Feb. 6th, 2007 at 4:18 pm
Once again Ponzi schemes are making their way up and down the Wasatch Front. I’m not posting to discuss why it is that Mormons seem particularly susceptible to such scams. I just want to make a few points that seem to bear repeating and discuss a bit of history.
The first point is that a legitmate business that needs money is not going to approach you to get it. There are some exceptions to this rule if you happen to be Larry Miller. But I’m guessing you are not Larry Miller. If you are, please read my post on the renaming of the Delta Center.
Now why aren’t they going to get their money from you and share the wealth? Because if they are legitmate they can go to a bank and get money far more cheaply than the crazy rate they are offering you.
This leaves us with a few possibilities. The most likely is that it is a scam and they are simply taking your money. They might actually be putting it to work though in a venture that a bank might not be willing to fund. Examples are drugs, gun running, and slavery. But all those pay pretty well on their own so odds are that your money is simply being stolen.
When I was a child many people in my ward began investing in a venture that purported to be opening a diamond mine in Africa. A member of the stake presidency’s family was involved and they even had a shiny rock that they would show people. The reason I even remember this is that my dad asked to teach EQ when this started to happen and then gave a lesson on how businesses are funded and why a legitmate businesses don’t rely on networks of friends of friends and relatives to fund themselves. Some people left the lesson intending to pull their money out immediately. Others wanted to know how long they could keep it in safely. The memorable part came later that evening when someone called and threatened to kill my father.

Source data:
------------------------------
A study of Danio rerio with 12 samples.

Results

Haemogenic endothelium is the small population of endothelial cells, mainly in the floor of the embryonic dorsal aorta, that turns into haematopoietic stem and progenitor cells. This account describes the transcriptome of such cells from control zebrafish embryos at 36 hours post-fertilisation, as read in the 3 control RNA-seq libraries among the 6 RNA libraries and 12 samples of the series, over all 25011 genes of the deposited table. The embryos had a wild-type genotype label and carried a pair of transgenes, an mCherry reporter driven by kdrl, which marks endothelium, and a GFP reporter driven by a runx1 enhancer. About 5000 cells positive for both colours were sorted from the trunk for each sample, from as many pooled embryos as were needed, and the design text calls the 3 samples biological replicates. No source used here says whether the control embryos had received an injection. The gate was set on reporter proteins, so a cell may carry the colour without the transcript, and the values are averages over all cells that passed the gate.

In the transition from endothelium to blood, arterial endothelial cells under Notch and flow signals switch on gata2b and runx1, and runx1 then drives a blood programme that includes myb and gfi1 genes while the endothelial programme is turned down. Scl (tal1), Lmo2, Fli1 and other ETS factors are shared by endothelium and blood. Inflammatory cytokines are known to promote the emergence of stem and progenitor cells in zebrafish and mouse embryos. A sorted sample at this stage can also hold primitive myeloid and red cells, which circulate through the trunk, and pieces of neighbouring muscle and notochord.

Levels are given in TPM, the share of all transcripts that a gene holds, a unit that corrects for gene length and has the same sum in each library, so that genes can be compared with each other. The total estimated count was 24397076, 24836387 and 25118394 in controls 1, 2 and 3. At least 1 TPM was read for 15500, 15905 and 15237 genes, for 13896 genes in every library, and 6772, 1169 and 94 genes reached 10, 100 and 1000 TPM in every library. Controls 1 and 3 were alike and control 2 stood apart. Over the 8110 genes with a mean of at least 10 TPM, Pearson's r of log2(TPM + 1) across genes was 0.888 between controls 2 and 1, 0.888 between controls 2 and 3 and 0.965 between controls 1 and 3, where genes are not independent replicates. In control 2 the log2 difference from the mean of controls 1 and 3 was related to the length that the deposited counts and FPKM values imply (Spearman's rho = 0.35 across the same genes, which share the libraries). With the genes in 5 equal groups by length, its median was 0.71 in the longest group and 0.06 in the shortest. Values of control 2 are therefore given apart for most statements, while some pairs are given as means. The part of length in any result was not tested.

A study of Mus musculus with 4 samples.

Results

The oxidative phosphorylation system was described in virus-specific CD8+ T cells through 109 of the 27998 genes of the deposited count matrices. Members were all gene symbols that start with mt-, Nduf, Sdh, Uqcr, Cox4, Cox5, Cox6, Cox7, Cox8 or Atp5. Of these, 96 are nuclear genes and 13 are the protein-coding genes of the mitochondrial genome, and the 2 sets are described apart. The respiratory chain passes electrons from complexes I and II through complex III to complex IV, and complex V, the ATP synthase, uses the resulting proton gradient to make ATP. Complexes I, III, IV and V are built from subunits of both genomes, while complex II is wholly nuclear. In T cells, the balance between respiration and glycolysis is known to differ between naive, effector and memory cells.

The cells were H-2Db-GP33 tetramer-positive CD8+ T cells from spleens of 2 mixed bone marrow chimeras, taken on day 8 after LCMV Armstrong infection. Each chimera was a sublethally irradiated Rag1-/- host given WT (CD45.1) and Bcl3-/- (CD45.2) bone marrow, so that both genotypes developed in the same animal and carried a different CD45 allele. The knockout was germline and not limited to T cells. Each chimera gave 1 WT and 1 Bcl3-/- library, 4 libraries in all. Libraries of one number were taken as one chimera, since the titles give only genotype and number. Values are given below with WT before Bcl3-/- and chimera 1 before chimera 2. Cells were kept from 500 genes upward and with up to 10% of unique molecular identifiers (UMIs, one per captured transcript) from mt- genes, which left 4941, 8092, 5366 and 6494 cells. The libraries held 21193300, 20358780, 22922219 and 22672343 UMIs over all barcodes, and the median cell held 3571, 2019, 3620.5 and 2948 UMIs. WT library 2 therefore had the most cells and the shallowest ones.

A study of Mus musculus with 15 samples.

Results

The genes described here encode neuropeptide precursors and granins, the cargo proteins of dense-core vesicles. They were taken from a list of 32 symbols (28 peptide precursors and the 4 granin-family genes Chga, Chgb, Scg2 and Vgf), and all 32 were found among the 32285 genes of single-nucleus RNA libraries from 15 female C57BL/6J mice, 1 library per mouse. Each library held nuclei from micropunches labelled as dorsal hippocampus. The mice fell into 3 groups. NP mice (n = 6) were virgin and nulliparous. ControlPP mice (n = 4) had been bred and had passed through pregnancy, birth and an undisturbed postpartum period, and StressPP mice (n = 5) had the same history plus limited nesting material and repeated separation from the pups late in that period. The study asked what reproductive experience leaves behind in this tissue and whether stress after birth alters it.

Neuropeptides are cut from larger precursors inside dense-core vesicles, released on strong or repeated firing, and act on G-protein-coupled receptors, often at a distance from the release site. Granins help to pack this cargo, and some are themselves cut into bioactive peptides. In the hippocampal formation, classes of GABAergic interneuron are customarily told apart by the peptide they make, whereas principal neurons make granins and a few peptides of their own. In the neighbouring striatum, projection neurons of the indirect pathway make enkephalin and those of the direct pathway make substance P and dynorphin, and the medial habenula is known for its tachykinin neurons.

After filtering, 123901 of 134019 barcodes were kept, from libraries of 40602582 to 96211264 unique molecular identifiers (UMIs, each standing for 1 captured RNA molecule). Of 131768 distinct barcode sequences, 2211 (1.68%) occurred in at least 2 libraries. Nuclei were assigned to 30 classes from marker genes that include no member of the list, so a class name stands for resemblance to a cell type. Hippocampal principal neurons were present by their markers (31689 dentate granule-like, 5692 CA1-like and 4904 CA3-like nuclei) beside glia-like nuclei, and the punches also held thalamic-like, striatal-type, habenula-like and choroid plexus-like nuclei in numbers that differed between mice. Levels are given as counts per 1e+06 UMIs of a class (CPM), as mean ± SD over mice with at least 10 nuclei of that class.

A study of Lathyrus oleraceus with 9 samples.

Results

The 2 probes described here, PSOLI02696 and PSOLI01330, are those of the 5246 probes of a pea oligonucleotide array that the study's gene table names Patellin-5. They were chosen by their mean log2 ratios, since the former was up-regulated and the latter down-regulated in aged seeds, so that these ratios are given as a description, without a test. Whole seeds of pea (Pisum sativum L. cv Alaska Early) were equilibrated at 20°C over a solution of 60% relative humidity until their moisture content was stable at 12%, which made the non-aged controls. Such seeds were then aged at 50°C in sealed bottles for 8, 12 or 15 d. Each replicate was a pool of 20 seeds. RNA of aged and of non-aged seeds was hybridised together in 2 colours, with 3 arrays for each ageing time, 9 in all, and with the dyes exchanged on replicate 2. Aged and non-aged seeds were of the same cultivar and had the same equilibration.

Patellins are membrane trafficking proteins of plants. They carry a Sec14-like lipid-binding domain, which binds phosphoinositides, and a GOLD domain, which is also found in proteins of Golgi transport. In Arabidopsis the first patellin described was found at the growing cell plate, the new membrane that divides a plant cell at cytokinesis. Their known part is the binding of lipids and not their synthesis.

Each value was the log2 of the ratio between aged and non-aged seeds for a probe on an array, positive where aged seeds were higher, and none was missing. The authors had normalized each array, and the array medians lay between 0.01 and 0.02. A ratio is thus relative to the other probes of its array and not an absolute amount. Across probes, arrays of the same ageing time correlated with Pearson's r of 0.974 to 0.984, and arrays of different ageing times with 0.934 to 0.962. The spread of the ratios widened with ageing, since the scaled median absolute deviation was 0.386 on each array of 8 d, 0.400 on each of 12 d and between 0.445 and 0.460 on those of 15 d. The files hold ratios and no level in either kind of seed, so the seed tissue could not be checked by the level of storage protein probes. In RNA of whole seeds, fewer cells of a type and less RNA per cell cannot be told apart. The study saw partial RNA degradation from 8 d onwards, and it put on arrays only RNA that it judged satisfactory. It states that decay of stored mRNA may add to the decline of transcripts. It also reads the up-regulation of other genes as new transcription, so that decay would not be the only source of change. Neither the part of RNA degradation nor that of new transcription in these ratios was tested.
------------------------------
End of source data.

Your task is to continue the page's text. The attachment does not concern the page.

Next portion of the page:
Twenty five years later my father is alive and well but several people in the ward that took equity out of their homes to invest in this scam are less well off than they would otherwise be. One of the scammers fled the country. Others claimed to simply be dupes.
Back in the present day such scams are still prevelant. I heard of one today that hasn’t fallen apart yet, inspiring this post. Several families in Davis County have pulled the equity out of their homes to invest. My advice: Get out now and tell your friends to do the same.